31 October 2018

Three Kinds Of Depression

[S]cientists collected clinical, biological, and life history data from 134 individuals -- half of whom were newly diagnosed with depression and the other half who had no depression diagnosis- using questionnaires and blood tests. Participants were asked about their sleep patterns, whether or not they had stressful issues, or other mental health conditions. Researchers also scanned participants' brains using magnetic resonance imaging (MRI) to map brain activity patterns in different regions. . . . 
[T[he researchers identified a group of closely-placed data clusters, which consisted of measurable features essential for accessing mental health of an individual. Three out of the five data clusters were found to represent different sub-types of depression. 
The three distinct sub-types of depression were characterized by two main factors: functional connectivity patterns synchronized between different regions of the brain and childhood trauma experience. They found that the brain's functional connectivity in regions that involved the angular gyrus -- a brain region associated with processing language and numbers, spatial cognition, attention, and other aspects of cognition -- played a large role in determining whether SSRIs were effective in treating depression. 
Patients with increased functional connectivity between the brain's different regions who had also experienced childhood trauma had a sub-type of depression that is unresponsive to treatment by SSRIs drugs, the researchers found. On the other hand, the other two subtypes -- where the participants' brains did not show increased connectivity among its different regions or where participants had not experienced childhood trauma -- tended to respond positively to treatments using SSRIs drugs. 
This study not only identifies sub-types of depression for the first time, but also identifies some underlying factors and points to the need to explore new treatment techniques.
From here. The paper discussed above is:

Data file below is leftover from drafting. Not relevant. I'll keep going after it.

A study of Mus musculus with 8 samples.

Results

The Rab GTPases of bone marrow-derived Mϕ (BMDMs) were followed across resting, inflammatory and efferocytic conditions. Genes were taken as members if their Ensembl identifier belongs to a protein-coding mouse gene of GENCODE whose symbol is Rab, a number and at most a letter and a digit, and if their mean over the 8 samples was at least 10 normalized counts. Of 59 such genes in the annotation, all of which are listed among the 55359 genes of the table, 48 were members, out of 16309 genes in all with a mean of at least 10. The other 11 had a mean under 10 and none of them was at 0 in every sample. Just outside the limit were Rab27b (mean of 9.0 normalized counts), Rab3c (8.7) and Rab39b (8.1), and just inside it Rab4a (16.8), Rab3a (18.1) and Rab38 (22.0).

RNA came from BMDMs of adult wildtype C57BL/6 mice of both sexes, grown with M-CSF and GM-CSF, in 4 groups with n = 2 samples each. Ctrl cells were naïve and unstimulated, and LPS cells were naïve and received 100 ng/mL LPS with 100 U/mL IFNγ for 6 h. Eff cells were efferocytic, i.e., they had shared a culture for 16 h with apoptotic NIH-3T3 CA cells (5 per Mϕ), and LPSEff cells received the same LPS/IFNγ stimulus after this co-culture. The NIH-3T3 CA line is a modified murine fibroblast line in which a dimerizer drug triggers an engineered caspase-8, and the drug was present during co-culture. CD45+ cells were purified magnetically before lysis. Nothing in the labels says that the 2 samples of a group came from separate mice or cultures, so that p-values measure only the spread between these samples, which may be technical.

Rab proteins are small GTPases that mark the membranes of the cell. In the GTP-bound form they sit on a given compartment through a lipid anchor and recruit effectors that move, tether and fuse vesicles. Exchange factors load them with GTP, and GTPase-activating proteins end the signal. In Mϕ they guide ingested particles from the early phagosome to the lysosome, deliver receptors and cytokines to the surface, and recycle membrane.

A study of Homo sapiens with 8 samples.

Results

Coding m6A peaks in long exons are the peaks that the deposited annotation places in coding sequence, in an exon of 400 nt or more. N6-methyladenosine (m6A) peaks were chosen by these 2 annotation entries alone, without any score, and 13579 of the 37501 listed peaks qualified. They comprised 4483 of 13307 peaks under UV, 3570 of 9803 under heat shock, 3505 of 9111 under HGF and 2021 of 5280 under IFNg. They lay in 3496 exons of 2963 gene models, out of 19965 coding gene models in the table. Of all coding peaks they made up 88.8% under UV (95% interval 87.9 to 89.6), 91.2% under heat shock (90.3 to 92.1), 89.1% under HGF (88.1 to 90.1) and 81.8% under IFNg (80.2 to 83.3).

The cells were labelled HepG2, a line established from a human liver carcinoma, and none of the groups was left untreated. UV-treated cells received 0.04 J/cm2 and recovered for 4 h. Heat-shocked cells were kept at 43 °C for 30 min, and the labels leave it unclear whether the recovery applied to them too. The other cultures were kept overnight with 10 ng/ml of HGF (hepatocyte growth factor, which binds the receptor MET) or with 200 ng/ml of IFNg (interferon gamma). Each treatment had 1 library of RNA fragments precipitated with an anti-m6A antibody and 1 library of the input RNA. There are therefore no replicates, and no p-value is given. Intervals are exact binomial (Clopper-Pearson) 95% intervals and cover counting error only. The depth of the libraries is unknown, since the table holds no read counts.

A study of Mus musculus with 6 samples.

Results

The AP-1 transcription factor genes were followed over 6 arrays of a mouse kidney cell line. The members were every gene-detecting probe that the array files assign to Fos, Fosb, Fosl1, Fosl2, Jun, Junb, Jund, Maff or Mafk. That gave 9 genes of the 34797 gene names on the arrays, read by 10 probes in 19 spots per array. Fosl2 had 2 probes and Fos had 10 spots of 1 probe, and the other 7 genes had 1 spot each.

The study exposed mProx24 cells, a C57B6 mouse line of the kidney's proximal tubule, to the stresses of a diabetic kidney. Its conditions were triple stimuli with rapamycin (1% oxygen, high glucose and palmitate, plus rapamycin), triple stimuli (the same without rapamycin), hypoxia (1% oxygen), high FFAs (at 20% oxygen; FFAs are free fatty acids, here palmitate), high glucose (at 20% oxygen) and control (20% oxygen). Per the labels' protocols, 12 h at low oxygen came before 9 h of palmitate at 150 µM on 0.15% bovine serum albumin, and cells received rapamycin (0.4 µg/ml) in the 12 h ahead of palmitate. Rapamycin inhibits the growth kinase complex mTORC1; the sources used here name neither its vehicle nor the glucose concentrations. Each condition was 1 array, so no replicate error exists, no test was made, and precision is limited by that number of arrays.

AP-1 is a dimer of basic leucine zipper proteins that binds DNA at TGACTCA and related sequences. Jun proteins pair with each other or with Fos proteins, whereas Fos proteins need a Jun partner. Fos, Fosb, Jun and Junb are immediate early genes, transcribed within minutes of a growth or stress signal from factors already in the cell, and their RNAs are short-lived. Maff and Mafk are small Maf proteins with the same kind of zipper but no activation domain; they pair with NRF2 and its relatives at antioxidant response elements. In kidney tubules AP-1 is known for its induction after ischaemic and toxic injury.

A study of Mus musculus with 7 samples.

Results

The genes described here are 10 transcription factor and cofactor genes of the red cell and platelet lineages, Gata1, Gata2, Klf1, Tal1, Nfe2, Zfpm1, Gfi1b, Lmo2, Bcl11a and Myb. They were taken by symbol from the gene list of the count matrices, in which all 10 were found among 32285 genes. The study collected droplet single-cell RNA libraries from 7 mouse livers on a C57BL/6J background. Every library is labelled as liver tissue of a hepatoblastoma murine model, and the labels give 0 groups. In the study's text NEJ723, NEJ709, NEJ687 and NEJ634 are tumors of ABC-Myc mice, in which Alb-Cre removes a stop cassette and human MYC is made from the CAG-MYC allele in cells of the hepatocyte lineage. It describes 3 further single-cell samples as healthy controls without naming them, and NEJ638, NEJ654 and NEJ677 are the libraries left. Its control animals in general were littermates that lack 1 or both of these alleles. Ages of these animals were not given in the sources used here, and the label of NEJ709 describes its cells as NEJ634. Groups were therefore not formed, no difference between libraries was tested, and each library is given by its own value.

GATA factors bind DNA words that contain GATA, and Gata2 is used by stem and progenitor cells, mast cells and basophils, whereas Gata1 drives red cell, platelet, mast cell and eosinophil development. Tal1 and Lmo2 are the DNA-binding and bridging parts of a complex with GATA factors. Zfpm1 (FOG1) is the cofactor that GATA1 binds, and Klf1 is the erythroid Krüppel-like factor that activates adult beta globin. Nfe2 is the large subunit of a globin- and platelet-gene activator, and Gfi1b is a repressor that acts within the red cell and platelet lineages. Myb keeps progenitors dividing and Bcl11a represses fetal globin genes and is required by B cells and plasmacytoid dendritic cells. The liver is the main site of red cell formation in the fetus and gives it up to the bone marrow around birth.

Tomoki Tokuda, et al., "Identification of depression subtypes and relevant brain regions using a data-driven approach." 8(1) Scientific Reports 14082 (2018) (open access). DOI: 10.1038/s41598-018-32521-z

The money chart is here.

The study also makes findings about the two key binary factors identified and remission:
For the relationship between CATS and remission, our finding is consistent with the meta analysis of previous studies38, which clearly suggests that experiences of child abuse trauma have a negative impact on treatment of depression. The contribution of our study in this regard is that we were able to identify among a huge number of possible associations this specific association in an unsupervised manner without prior knowledge of feature selection. As for the medical causal relationship, recent studies suggest that treatment-resistant depression may be linked to release of pre-inflammatory cytokines, which can be caused by childhood adversity39,40. However, in our research framework, biomarkers of inflammation were not included, which prevents us from confirming this point. 
Concerning the key role of the angular gyrus (AG) in predicting remission, our finding is consistent with the results of a t-test on differences between TRD and non-TRD18,19. Unfortunately, these two previous studies are contradictory because the former study suggests that a higher FC is associated with TRD, while the latter study found that a lower FC is associated with TRD. Our result supports the former study. Moreover, recent studies have revealed that AG is related to several functions, such as semantic processing, default mode network, number processing, attention and spatial cognition, and memory retrieval41. Such multiple functions of AG are consistent with an fMRI study42, which suggests that AG is one of the major connecting hubs, together with the occipital and ventral-medial parietal. Nonetheless, these results of previous studies do not adequately explain the possible association between AG and remission of depression implied in our study. Further research is required for clarification of this point, which may provide useful insights into possible treatment of depressive patients by means of neurofeedback.
The paper sheds little insight on what distinguished the two clusters of control subject from each other that I could discern from reading the paper and the supplemental materials.